Tell me a story of deep delight.  Robert Penn Warren

Localtonians wish a Happy Birthday to Lucy (Virgin) Downs, thought to be the 1st white child born west of the Allegheny Mountains.  Lucy was born in Fayette County, Pennsylvania, in 1769.  In 1790, the family moved to Maysville, and in 1792 she relocated with a brother to Cincinnati.  She married there in 1800 to John Downs and died in 1847.  Her family buried her in Oldtown near the Little Sandy River in Greenup County, where she had resided for forty years.

September 17, 1862, a clash occurred between Union and Confederate forces on the Florence streets.  The Confederates had travelled north from Lexington.

Localtonians wish a Happy Birthday to Eddyville native Forrest Carlisle Pogue, born in 1912.  A historian, he is best known as the biographer of General George C. Marshall.

September 17, 1939, Night Policeman Roscoe Halcomb, Cumberland Police Department, died from a gunshot while attempting to arrest a hitchhiker who had threatened a motorist with a handgun.

September 17, 1942, Kentucky newspapers announced a campaign from October 12 to 31 to help raise 284,562,700 pounds of scrap metal to donate for war.

September 17, 1950, Army PFC Kenneth H. Murphy from Casey County died while fighting in the Korean War.

September 17, 1953, the good-natured Governor L. Weatherby donned green and white racing silks and climbed into a sulky to guide the ostrich, Calamity, to victory.  The 7,000 spectators in the grandstand at the Kentucky State Fair loved every minute of the unscheduled event.

Localtonians wish a Happy Birthday to Louisville native Jim Cornette, born in 1961.  Jim’s fascination with wrestling began when he was a child; by his early teens, he announced live wrestling matches.  He owned Smoky Mountain Wrestling during the 1990s and worked for World Wrestling Entertainment and World Championship Wrestling.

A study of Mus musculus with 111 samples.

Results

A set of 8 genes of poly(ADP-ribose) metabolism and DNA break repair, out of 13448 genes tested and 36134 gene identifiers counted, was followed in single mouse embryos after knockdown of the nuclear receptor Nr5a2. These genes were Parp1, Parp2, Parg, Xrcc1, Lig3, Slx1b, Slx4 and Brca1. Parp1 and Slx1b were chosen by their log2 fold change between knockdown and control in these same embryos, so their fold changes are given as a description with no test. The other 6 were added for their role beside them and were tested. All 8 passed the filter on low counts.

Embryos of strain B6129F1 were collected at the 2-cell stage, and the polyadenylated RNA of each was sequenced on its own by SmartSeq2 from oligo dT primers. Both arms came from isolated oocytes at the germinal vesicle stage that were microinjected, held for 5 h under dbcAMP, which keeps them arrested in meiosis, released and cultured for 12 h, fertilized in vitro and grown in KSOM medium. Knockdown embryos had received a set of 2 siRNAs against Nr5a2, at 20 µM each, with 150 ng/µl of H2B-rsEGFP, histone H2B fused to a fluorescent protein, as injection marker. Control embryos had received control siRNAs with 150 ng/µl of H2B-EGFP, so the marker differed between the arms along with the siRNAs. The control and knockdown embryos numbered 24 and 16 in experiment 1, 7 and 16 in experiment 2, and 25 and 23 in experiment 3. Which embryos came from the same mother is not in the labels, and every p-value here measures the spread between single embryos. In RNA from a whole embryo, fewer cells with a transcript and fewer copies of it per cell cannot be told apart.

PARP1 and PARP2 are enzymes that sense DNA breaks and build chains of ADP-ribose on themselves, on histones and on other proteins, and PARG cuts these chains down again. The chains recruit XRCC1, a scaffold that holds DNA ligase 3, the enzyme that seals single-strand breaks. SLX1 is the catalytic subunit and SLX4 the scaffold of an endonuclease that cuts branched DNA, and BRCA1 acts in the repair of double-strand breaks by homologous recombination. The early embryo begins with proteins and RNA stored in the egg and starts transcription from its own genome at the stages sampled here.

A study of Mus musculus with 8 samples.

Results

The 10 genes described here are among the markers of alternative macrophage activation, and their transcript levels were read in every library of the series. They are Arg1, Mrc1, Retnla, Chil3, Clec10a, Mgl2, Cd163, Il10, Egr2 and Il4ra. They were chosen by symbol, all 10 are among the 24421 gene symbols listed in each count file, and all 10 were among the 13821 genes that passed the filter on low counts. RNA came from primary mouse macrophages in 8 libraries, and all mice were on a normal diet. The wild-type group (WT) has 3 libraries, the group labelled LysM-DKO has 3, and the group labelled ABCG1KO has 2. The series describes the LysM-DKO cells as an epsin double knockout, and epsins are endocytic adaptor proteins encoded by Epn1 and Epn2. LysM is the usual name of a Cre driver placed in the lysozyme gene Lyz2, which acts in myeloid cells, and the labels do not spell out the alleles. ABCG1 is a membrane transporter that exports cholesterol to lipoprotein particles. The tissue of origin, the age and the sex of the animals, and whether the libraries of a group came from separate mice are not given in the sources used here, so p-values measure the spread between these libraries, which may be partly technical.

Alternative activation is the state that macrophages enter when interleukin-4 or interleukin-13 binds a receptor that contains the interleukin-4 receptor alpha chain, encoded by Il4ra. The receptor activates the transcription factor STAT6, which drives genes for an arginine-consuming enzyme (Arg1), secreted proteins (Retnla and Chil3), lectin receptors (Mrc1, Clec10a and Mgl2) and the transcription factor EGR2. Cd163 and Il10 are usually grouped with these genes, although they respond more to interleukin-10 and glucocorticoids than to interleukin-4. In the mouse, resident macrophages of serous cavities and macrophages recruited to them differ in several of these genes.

September 17, 1967, Navy P03 Joseph Anthony Coomes from Owensboro, died fighting in the Vietnam War.

September 17, 1968, Marine 1LT Stanley Garfield Lawson from Shelbyville, died fighting in the Vietnam War.

September 17, 1970, Trigg County cleared a 12-year-old boy, believed to be one of the youngest persons ever charged with a capital murder offense in Kentucky.  They ruled the shooting accidental.

September 17, 1975, Jailer Jessie Keen Frost, Allen County Detention Center, succumbed to injuries sustained on August 3rd, when he was beaten by an inmate in the cafeteria.

September 17, 1987, local citizens buried the Shelbyville U.S. Constitutional Bicentennial time capsule to commemorate the 1787 U.S. Constitution.

September 17, 1994, five go to post for the Grade I Ruffian Stakes at Belmont Park.  Four are Keeneland graduates.  The entries included; Sky Beauty, Dispute, Educated Risk, Link River, and You’d be Surprised.

September 17, 2004, Governor E. Fletcher called a special legislative session so lawmakers could resolve the “crisis” over the rising cost of healthcare for public employees and teachers.

September 17, 2005, director Cameron Crowe signed autographs at Freeman Lake in the morning.  Later, he signed more, outside the Elizabethtown Movie Palace, before screening his new film, Elizabethtown.

September 17, 2011, Louisville beat Kentucky in Lexington 24-17 to win the 24th Governor’s Cup.  It was the 3rd game of the season for both teams and a match between Joker Phillips and Charlie Strong.  Louisville later lost in the Belk Bowl against NC State with a young Teddy Bridgewater.  The series stood at 14-10, Kentucky’s favor.

September 17, 2016, an 1852 gold medal honoring Henry Clay sold for $346,000 at a Dallas auction; more than quadruple the required bid of $75,000.  The one-of-a-kind 30 ounce California gold had a portrait of Clay on it and came with an engraved silver case with a picture of his Ashland Estate.  Henry “Hank” Clay Anderson List, a fourth-generation grandson of Clay who lives in Lexington, consigned the piece.

September 17, 2016, a Kentucky bred won Woodbine’s GI $1,040,000 Woodbine Mile for three-year-olds and upward.

September 17, 2017, Helen Bates “Penny” Chenery died.

On September 17, 2019, tech giant Apple announced an award of $250 million to fuel more innovation for the scratch-resistant glass made in Kentucky for its iPhones.  The money expanded manufacturing and technology pioneered by Corning Inc., in their Harrodsburg plant, with nearly 400 high-paying jobs.

September 17, 2020, Governor A. Beshear’s administration argued before the Kentucky Supreme Court to make his coronavirus mandates constitutional.  Meanwhile, Fayette County announced six locations for in-person voting for the November election.

On September 17, 2021, without providing individual names, the Kentucky school teachers’ union announced 33 members had died from the coronavirus.  Meanwhile, TicTok motivated bathroom vandalism in middle and high schools throughout the state.